While we dedicate a significant portion of our time optimizing diet and incorporating specific exercise routines for maintaining a healthy body, we often neglect our largest organ – the skin. As the external layer of the body, our skin is continuously subjected to the environment the body’s own process called elastosis. Just like any other organ, the skin ages with the passage of time and becomes weaker, which subsequently reduces its effectiveness in performing its functions as well as its skin integrity. While aging is a natural process which cannot be avoided, there are ways to minimize its impact on healthy skin.
Why is our Skin Important?
The skin is a very significant organ or numerous reasons, such as but not limited to:
- Maintaining optimum body temperature
- Supplying the body with sensory information for perceiving the environment
- Functioning as the first and foremost barrier against bacteria, viruses and foreign contaminants
- Most Importantly, giving the body its aesthetic appeal
The Ravages of Time on Skin
With age, the dense network of blood vessels under the skin begins to shrivel, which reduces the supply of essential nutrients and oxygen to the skin. Consequently, the epidermis becomes weaker and begins showing signs of aging, the most visible being loose wrinkles and sagging skin. This also compromises its functionality, as its ability to provide insulation, maintaining optimum body temperature and sending sensory signals begins to dim. This also increases the risk of impaired skin integrity.
Dry and cold weather extremities can also harm skin, as it causes the skin to dry out and crack, which provides openings for infectious bacteria and viruses to wreak havoc. The skin on face, feet, and hands are most prone to these issues as they are relatively thinner and on average, most exposed to external factors.
Medical Issues Requiring Additional Care
While our epidermis is resistant to injuries and can regenerate itself, other medical conditions can become contributing factors towards complicating its well-being. Following are the most common medical issues which are often ignored as causative elements for unhealthy skin:
- Fractures: Casts are required for keeping the fractured bones in a stable position, which significantly complicate direct access to epidermis surrounding the fractured area. Moreover, fractures of major bones such as hips and spine can render a person immobile for long periods of time, resulting in sores.
- Extended Periods of Immobility: Continuous pressure on the skin from sitting or lying in one position for extended periods of time owing to immobility from fractures or recovery from surgery can cause bedsores and dry skin.
- Unhealthy Weight Loss: The layer of underlying adipose tissue is critical for healthy skin. Rapid and unhealthy weight loss causes sudden changes in the capillary network which negatively impacts skin health.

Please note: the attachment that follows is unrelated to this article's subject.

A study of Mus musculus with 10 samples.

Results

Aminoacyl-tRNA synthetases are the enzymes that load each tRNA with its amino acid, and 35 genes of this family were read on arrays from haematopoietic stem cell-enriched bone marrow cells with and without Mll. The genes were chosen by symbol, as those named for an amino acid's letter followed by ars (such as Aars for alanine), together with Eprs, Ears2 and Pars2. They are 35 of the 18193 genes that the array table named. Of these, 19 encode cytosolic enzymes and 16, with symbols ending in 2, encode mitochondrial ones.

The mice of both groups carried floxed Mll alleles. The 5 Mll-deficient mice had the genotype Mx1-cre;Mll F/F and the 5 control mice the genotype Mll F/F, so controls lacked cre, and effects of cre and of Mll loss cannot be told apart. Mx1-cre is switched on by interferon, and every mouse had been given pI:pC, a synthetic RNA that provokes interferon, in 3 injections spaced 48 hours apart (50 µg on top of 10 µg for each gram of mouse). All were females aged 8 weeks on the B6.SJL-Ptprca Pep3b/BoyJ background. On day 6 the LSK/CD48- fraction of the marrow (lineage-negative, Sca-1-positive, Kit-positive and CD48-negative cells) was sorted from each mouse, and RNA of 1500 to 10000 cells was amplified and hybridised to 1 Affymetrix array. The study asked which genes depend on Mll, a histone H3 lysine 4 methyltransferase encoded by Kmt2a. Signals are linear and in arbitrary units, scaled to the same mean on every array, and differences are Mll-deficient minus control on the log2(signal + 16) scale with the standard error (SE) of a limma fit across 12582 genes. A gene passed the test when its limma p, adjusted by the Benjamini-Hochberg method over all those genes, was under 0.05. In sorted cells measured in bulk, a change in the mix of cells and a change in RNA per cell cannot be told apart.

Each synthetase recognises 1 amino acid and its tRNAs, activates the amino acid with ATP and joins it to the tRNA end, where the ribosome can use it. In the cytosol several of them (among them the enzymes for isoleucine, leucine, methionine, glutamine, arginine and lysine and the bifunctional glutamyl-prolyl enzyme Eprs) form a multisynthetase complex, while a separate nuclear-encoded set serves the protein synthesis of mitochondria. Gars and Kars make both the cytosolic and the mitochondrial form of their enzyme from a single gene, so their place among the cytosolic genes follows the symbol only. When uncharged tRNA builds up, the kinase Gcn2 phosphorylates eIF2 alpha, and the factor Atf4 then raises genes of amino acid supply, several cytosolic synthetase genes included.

- Diabetes: The issues with low blood sugar levels and dietary limitation can restrict access to normal nutritional intake. Care should be taken to draft proper diet plans and adhering to them.
- Unhealthy Nutrition: Junk food and unbalanced diets do not supply the skin with sufficient nutritional intake for maintaining its health.
- Smoking and Drug Abuse: Smoking introduces a host of carcinogenic compounds, especially nicotine and tar, which constrict and block the blood vessels, hence restricting blood flow to the skin. The combined effects of smoking and drug abuse are catastrophic for the entire body in general.
- Nerve Injuries: Nerve injury affect the perception of sensory signals from injury, the onset of skin conditions and environmental extremes and causes the patient to ignore any injury to the skin.
- Dementia: The impact on memory causes the patient to often forget taking proper, balanced meals as well as even the most basic skin care, which are compulsory for healthy skin.
Taking Care of Your Skin
Following proper skin care is imperative for maintaining healthy skin. With the following plan, you can minimize impaired skin integrity and reduce the risks of further skin damage by keeping it healthy:
- Drink sufficient water to remain hydrated at all times
- Visit a skin care specialist and get a full impaired skin integrity plan
- Consume nutritionally balanced meals on time.
- Cut back on the intake of saturated fats, swapping them for unsaturated healthy fats.
- Consume the Recommended Daily Intake (RDI) of vitamins and essential minerals.
- Refrain from using extremely hot or cold water for washing skin, as it causes the skin to lose moisture and causes drying.
- Use medically recommended products for countering dry skin and UV protection.
- Exercise on a regular basis as it enhances overall health and increases blood flow to the skin, providing it with much-needed nutrients and oxygen.
Your Skin, Your Responsibility
Aging is a natural process which cannot be avoided although proper care, balanced nutrition and incorporating healthy habits within everyday routine can promote longevity. Healthy skin means better overall health, so taking good care of skin is essential for a healthy, active lifestyle.